July natural gas is expected to open a penny higher Thursday morning at $4.67 as traders hone their short-term trading algorithms and prepare for a government storage report that is expected to continue the trend of triple-digit inventory builds. Overnight oil markets were mixed.
Traders will be taking a close look at Thursday's storage report for signs of just what impact recent elevated temperatures have had on the rate of storage builds. Last year, 92 Bcf was injected, and the five-year average is for 87 Bcf. Credit Suisse is expecting an increase of 109 Bcf, and Bentek Energy calculates a 110 Bcf injection. A Reuters poll of 22 traders and analysts revealed an estimated 110 Bcf average with a range of 101 Bcf to 115 Bcf.
Others are a little higher. "[E]stimates we've seen so far suggest expectations are centering somewhere in the 107-110 Bcf range, a bit below our model's 112 Bcf forecast but still bearish compared to the 87 Bcf five-year average for the week ended June 13," said Tim Evans of Citi Futures Perspective."
Bentek sees a large component of the robust build as being due to lower demand. "Demand decreased by 8 Bcf from the previous week, driven largely by a drop in power burn, which declined by an average of 1.2 Bcf/d for a total of 8.8 Bcf through the week," the firm said in a report. "Total supply noted a decline of 3 Bcf, driven by a decline of 3 Bcf in Canadian imports and 1 Bcf from production. Of the decrease in the power sector, a majority of the dip occurred in the Producing Region, where sample injections at facilities such as Pine Prairie have remained strong."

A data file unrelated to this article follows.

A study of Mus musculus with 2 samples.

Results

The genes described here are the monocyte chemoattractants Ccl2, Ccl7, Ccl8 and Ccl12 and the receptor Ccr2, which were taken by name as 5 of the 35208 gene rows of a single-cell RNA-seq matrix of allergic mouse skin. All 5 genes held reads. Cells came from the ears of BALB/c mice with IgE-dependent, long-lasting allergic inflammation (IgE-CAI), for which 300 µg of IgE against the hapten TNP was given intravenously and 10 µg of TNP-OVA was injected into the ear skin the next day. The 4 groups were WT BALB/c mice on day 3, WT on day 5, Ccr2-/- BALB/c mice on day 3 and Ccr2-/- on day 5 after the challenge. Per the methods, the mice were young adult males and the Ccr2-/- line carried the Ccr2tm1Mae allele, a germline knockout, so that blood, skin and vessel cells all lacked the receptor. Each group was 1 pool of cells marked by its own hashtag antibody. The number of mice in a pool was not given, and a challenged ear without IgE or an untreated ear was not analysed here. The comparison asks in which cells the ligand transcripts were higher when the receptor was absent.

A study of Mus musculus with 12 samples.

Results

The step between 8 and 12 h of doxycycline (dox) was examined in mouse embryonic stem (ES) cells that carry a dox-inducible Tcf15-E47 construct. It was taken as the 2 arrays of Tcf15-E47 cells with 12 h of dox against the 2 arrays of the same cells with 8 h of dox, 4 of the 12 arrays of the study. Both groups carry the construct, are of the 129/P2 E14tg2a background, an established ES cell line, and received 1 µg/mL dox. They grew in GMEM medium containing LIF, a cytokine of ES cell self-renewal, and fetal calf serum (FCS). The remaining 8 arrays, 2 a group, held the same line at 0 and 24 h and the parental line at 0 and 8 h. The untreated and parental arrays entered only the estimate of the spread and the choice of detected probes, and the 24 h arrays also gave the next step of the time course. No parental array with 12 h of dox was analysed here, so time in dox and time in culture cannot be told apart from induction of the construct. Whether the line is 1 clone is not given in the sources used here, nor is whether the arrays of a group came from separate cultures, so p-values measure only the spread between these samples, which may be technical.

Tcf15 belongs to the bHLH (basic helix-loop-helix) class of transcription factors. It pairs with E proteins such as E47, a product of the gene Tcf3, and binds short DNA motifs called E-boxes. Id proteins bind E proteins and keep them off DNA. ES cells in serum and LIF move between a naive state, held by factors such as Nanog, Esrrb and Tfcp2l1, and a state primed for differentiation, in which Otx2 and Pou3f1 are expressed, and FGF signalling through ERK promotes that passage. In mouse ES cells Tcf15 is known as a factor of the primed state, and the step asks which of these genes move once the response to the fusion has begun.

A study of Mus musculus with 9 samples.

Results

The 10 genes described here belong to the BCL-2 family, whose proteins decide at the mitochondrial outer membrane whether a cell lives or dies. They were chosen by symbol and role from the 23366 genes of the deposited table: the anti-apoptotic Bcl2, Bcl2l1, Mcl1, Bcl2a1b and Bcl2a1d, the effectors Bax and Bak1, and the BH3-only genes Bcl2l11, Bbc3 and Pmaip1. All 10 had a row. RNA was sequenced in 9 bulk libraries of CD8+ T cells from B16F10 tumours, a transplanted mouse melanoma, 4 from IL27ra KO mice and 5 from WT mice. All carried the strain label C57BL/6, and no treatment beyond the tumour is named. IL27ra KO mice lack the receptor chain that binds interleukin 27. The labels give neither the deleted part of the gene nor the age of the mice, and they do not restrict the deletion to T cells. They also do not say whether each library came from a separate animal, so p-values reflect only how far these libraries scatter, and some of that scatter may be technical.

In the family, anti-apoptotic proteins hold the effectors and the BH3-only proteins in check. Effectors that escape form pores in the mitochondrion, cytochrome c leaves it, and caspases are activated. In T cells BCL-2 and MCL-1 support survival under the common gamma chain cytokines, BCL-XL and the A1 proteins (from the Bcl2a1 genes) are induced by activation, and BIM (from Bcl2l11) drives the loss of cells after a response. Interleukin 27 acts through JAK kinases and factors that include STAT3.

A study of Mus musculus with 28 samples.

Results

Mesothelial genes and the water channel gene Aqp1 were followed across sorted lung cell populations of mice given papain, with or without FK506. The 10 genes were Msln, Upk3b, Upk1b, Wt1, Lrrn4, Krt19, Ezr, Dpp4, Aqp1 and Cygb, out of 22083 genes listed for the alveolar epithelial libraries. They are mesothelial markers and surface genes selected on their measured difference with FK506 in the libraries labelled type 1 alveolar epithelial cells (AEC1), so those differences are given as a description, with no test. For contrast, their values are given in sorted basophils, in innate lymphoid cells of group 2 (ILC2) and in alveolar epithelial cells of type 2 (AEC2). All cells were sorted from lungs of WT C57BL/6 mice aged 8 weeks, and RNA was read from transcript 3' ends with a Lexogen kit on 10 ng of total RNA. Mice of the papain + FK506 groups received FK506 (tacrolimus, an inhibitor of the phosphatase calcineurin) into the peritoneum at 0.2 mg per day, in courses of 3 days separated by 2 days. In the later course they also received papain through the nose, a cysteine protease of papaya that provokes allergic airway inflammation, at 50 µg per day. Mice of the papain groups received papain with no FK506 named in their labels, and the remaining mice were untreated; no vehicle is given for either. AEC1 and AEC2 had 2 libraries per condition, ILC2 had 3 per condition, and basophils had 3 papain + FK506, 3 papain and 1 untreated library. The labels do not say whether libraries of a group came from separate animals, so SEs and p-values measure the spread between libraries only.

Eastern storage facilities continue to sock it away. "Further robust builds throughout the East Region have continued to prop up the daily storage range's midpoint in the triple digits. A lack of demand in the Northeast has allowed regional fields to post strong injections over the past week. Week-over-week, [and]...builds in the East Region are 3.0 Bcf higher, led by facilities such as ANR, Dominion and NGPL," Bentek said.
That decrease in demand will most likely not be in play for next week's storage report. The National Weather Service (NWS) predicts elevated levels of cooling requirements in key population centers. For the week ended June 21, NWS forecasts that New England will see 49 cooling degree days (CDD), well ahead of normal by 33. The Mid-Atlantic is anticipated to endure 62 CDD, or 32 more than normal, and the Midwest from Ohio to Wisconsin is likely to experience 76 CDD, or 39 more than its normal seasonal tally.
WeatherBELL Analytics in its Thursday morning 20-day forecast sees a sequence of oscillations between warmth and cooling. Joe Bastardi in reviewing the JMA (Japan Meteorological Association) model said, "JMA through mid-July is not looking like its monthly, though a trough reforms near the East Coast for Weeks three and four. It's a two-week segment, so it may be heading back toward its monthly idea.
"Summer El Nino response [was] not there on the CFSv2 [National Weather Service Climate Forecast System] [and] ENSO 3.4 cooling may be leading to decreased model skill." Transient weather patterns may be in the making. Bastardi said week one is represented by cooling, but he calls warming in week two "over the top". Week three is expected to begin a new cooling phase. "Pattern still wet, with transience still across the U.S.," he said.
In overnight Globex trading July crude oil fell 3 cents to $105.94/bbl and July RBOB gasoline continued its recent gains adding a penny to $3.1115/gal.